Are your PC Optimum points missing? If so, you're not the only one. Thieves have been hacking into PC Optimum accounts and stealing points from cardholders across the country.
CBC News reports that at least eight people across Canada have each had more than 100,000 points ($100 worth of product rewards) stolen from their accounts after the PC Plus and Shoppers Optimum rewards programs merged to form PC Optimum on Feb. 1.
READ MORE: How to Switch Over to the PC Optimum Program
Many of those stolen points were redeemed at Loblaws-owned stores in Quebec, including Pharmaprix drug stores. Over the last month, most of those eight people have had their points restored, but the breach is still nerve-wracking.
If you are missing points or notice otherwise suspicious activity on your account, you can reach out to Loblaw through a contact form on the PC Optimum website (choose "missing points" as the reason for your inquiry) or call 1-866-727-6468.
A hacker would need access to your name, address, phone number and points balance. So what can you do to protect your points?
How to protect your PC Optimum account
Change your passwords. Change the passwords for both your PC Optimum account and the email associated with it. Ideally, you should use two separate passwords that are both strong and not something a hacker might be able to easily guess. Use a browser extension like LastPass or Keeper Password Manager to keep track of your login details instead of writing them down.
Use a designated email address for loyalty programs. If you don't already, it's a good idea to create an email account and corresponding password just for loyalty programs and website signups.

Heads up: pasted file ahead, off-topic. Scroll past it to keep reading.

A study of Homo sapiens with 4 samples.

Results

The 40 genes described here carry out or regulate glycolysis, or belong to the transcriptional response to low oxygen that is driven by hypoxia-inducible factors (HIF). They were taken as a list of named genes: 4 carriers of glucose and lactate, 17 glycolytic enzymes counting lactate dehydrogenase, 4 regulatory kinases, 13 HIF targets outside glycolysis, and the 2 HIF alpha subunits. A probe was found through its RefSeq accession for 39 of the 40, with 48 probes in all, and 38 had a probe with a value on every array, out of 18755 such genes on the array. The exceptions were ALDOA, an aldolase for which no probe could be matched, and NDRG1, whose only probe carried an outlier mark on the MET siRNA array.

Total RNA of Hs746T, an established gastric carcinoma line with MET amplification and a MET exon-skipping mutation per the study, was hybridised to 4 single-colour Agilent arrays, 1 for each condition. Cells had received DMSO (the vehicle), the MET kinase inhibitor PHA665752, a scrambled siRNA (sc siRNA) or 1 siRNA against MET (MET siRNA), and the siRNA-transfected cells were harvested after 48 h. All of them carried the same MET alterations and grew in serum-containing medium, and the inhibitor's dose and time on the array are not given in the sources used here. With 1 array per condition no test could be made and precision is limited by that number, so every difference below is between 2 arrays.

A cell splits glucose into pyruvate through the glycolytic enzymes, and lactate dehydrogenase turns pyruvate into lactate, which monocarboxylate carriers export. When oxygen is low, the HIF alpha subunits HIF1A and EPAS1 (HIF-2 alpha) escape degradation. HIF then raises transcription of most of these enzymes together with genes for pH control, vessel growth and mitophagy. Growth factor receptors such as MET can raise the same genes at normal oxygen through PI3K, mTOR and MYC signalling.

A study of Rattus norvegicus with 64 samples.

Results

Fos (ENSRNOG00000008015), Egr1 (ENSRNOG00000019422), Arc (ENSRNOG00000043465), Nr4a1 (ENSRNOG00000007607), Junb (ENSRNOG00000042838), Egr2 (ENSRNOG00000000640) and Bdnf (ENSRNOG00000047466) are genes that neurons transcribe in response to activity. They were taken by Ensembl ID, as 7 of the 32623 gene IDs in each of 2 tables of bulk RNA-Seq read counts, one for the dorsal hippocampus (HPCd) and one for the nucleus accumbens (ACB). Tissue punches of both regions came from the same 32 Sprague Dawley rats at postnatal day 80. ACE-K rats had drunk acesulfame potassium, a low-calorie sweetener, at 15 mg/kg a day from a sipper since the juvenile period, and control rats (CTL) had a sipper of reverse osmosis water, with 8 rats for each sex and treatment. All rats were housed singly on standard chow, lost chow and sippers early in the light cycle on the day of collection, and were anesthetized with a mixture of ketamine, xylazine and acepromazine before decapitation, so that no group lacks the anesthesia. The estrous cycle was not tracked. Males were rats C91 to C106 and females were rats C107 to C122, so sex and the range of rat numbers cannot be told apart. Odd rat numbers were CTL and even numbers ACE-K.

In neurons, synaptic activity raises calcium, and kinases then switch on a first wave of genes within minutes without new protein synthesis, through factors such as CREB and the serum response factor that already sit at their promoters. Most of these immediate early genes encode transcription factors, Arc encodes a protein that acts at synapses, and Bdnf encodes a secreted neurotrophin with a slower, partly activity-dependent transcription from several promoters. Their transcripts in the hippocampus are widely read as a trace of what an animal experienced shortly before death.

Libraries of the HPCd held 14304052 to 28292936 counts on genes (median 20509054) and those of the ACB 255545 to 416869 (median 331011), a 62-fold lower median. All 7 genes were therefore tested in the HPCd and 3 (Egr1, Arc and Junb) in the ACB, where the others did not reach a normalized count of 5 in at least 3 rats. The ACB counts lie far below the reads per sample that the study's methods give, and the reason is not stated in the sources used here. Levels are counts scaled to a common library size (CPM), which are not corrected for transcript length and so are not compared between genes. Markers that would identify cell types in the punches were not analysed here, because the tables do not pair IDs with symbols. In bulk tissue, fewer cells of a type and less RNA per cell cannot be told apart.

Check your transaction and account history. Pay attention to what's going on with your account. The PC Optimum app lets you track all transactions that have happened on your account in the past 45 days, so try to check in every once in a while and make sure you can recognize all the account activity.
Only open emails and attachments from addresses you recognize. If you receive an email or attachment from an address you don't know, don't open it. Thieves can try to steal your rewards points by sending phishing emails that ask you to download an attachment containing a virus or update your information through a fake website. Not sure if an email is the real deal? You can always try to contact PC Optimum and ask if it's legit.
Keep your physical PC Optimum card with you. This might seem pretty basic, but it's a good practice to make sure you know where your card is at all times. Don't loan it out to people and keep it somewhere safe in your wallet or purse.
Were your PC Optimum points stolen? Do you have any tips for preventing point theft? Let us know in the comments.